Not many institutions, let alone restaurants, stand the test of time, especially in this age of innovation and intense competition. Many do create hype; enjoy some good years of business and then fade away in the passage of time.
But those that do, they warrant a place in the pages of the history book. Beauty Lassi - born out of the blood and sweat of an ordinary man 100 years ago - seems to be one of those special institutions.
Beauty Lassi and Falooda was founded in 1922 by the late Abdul Aziz, a construction worker who used to sell 'lebur shorbot' aka lemonades and 'Lassi' on the streets of Ray Shaheb Bazar. Little did he know that his hand-made delights would last a 100 years. Well, it did.
On 15 June, 2021 Beauty Lassi steps into its 100th year and will officially turn hundred next year. So it's high time we revisited the history of this hundred-year-old institution.
And so I did. I went back to a beloved place from my childhood and met the artisans who make the benign lives of people in this city a little bit less monotonous, on a daily basis.
Legacy of a century
The original branch of Beauty Lassi is situated at 30/A, Johnson Road; right in the heart of quintessential Old Dhaka. When I got down from the rickshaw after a rather tiring journey, the place was teeming with more thirsty faces like me. Amid them sat Md Jabed Hossain, a middle-aged man and one of the proprietors of Beauty Lassi and Falooda.
"Starting from the footpaths of Johnson Road, my grandfather ran Beauty Lassi, from the British period, right upto Pakistani rule. During the Pakistan period, they rented the present shop. Back then, there were no concrete buildings here. After my grandfather had passed away, my father, Md. Abdul Gaffar took charge of Beauty Lassi. He has now also passed away, but his legacy lives through Beauty Lassi," said Md. Jabed Hossain, when asked about the initial days of Beauty Lassi.
Initially, beauty Lassi used to only sell 'lebur shorbot' (lemonades) and Lassi. The shop started to become popular particularly during the 1980s and gradually garnered much love and appreciation from the food lovers of Old Dhaka.
In the 2000s, after a much-needed renovation, Beauty Lassi added the special Falooda to their list of desserts. They currently serve lemonades (both with and without sugar), Lassi, special Lassi, Falooda and special Falooda.
A glass of lemonade would cost a visitor Tk20 per glass, while a glass of their special Lassi would cost Tk40. A cup of special Falooda is priced at Tk80.
As a student of the nearby St. Gregory's High School in Luxmibazar, Beauty - as the Lassi vendor is commonly referred to by locals- was often the preferred afternoon delight on a hot summer day after the final school bell had rung. So, a weird sense of pride filled me just for being associated with its history, albeit in a rather insignificant manner.
But my false sense of pride was incomparable to that of Jabed Hossain.
"It fills me with great joy and pride that we have been doing this for three generations. My grandfather found Beauty Lassi. Then my father was at the helm until 2000. Now my brothers and I are running Beauty Lassi. And I hope the next generation will continue the legacy as well," said Jabed Hossain quite gleefully.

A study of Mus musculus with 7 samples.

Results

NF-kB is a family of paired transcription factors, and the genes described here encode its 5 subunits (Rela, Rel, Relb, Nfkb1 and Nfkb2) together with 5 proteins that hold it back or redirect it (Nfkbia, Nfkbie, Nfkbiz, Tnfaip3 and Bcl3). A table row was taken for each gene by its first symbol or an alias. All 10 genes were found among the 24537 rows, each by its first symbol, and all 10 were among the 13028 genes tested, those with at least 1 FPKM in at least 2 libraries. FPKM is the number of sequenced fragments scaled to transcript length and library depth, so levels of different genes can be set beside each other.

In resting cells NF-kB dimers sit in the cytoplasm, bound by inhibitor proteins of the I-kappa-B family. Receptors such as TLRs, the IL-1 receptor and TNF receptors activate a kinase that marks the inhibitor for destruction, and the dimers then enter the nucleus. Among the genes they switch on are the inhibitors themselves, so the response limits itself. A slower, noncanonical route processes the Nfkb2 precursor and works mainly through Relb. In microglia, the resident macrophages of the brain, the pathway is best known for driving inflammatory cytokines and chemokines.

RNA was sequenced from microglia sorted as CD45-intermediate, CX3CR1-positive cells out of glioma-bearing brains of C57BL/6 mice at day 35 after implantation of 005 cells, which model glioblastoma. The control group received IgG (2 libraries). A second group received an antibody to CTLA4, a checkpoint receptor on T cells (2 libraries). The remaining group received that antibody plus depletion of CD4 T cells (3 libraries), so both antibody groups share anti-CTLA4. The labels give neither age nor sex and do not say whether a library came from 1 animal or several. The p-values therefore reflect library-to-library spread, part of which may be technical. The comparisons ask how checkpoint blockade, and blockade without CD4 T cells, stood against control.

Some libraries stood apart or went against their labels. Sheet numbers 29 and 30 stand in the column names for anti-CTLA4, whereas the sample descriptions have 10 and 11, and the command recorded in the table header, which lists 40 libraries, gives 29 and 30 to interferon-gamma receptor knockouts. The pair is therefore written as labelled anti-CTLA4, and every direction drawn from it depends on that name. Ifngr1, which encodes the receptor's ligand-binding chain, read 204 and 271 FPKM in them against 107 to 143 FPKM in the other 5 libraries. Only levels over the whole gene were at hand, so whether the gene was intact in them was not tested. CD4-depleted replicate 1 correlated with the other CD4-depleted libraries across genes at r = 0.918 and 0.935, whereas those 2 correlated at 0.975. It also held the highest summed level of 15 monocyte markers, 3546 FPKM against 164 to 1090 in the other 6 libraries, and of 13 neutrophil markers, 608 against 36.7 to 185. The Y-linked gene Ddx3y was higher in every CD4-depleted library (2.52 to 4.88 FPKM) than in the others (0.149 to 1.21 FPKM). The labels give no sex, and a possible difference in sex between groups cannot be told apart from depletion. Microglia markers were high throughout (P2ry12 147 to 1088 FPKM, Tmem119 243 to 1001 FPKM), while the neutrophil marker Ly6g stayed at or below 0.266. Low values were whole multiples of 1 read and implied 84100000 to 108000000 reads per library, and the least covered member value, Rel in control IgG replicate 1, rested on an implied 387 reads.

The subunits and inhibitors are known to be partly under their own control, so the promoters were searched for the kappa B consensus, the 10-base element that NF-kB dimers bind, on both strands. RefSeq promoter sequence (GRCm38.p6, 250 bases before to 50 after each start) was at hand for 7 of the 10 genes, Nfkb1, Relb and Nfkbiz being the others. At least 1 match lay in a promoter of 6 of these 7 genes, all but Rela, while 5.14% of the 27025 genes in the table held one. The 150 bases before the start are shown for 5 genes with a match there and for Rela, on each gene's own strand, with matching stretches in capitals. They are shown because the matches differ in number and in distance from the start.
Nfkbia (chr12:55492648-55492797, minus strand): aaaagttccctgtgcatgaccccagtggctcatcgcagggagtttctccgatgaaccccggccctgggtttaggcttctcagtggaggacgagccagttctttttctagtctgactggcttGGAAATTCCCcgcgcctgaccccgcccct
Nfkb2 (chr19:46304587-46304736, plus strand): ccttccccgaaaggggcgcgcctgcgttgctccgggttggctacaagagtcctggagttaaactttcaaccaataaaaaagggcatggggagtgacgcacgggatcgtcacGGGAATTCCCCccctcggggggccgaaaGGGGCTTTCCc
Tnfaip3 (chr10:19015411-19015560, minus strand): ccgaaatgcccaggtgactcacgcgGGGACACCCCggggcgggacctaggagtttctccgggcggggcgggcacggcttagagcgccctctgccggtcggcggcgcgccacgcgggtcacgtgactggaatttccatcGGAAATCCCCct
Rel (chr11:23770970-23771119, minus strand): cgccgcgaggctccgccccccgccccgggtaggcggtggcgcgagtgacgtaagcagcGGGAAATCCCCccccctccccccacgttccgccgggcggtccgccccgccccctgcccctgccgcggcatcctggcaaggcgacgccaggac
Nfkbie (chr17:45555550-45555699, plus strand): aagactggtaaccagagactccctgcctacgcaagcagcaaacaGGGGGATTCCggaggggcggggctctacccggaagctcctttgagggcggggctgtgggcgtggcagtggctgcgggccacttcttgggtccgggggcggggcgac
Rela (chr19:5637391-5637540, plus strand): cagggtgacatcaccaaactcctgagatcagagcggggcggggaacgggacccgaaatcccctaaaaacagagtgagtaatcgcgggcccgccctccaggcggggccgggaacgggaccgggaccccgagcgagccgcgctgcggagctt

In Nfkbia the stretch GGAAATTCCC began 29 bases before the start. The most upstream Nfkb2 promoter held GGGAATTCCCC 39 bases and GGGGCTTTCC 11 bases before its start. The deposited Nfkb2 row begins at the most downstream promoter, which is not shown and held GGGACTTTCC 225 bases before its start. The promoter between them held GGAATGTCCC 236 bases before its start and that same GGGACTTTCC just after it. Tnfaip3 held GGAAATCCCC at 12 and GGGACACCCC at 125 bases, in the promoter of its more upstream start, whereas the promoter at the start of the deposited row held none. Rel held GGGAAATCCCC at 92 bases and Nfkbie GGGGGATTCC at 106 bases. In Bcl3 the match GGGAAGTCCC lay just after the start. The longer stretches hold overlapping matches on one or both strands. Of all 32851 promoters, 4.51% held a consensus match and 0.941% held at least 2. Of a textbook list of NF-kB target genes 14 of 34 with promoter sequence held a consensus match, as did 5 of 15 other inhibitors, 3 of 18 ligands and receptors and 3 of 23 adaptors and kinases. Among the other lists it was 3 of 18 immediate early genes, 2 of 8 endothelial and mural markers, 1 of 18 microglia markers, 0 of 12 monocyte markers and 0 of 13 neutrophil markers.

The secret of their success
But what makes Beauty Lassi so special?
The secret may lie in how they make their Lassi or Falooda.
The artisans of Beauty do not use blenders or other modern machinery to make Lassi nor do they use raw ingredients outsourced from other places.
"We make our own 'dahi' (card) in Manik Sweetmeat and use them to make Lassi and Falooda," said Shahidullah, one of the veteran artisans at Beauty Lassi.
They also use traditional tools like 'Dal Ghotni' to mix the different ingredients of Lassi like dahi, sugar syrup, ice etc. with their hands.
But there was another, much more significant element behind their unique appeal: the heritage.
"Here in Old Dhaka, when guests come to our homes, we are often used to serving them with homemade delicacies like Lassi, lebur shorbot and Falooda. Beauty, for the past hundred years, has tried to embody that culture in its practices," said Shahidullah.
Mohammad Shahidullah, himself, appeared to be the sheer personification of their long-lasting legacy.
Shahidullah has been working at Beauty Lassi for 38 years. When he first arrived in Dhaka in the 1980s from Noakhali, he was merely a 20-year-old young man looking for a job in the city. He began working at the shop and was later trained by the late Abdul Gaffar himself in the art of making a calming glass of Lassi.
"When I first joined, it (the shop) was merely a cramped tin-shade space where people would come to enjoy their evenings. In summer, they would ask for a cold glass of lemonade or Lassi. In winter, we would make 'aloo puri' or 'dal puri' and serve them with beef and chutney. Although the shop now has modern decor tiles and everything, I still stick to the same recipe taught to me by my mentor (Md. Abdul Gaffar)," said Shahidullah.
When asked about his 38-year-long stint at the Lassi Vendors, Shahidullah said, "It was out of sheer love for the place. Lots of people from different places come here. They love our Lassi, Falooda and lemonades. So, I could not leave the place."
Beauty Lassi currently has three branches in Old Dhaka: the main one in Johnson Road, another one in Narinda and the third one in Kazi Alauddin Road. They also own Manik Sweetmeat, founded in 1998 by the Late Abdul Gaffar.
The Johnson Road branch is run by Md. Jabed Hossain while his younger brother, Manik Hossain is the proprietor of the Alauddin Road branch. On the other hand, Jabed's elder brother Iqbal Hossain is at the helm of the branch in Narinda Road. When asked about their plans for the future, Md. Jabed Hossain said, "We intend to expand and open new branches in new Dhaka. We also intend to renovate the branches with modern interiors to accommodate our guests in a more welcoming environment."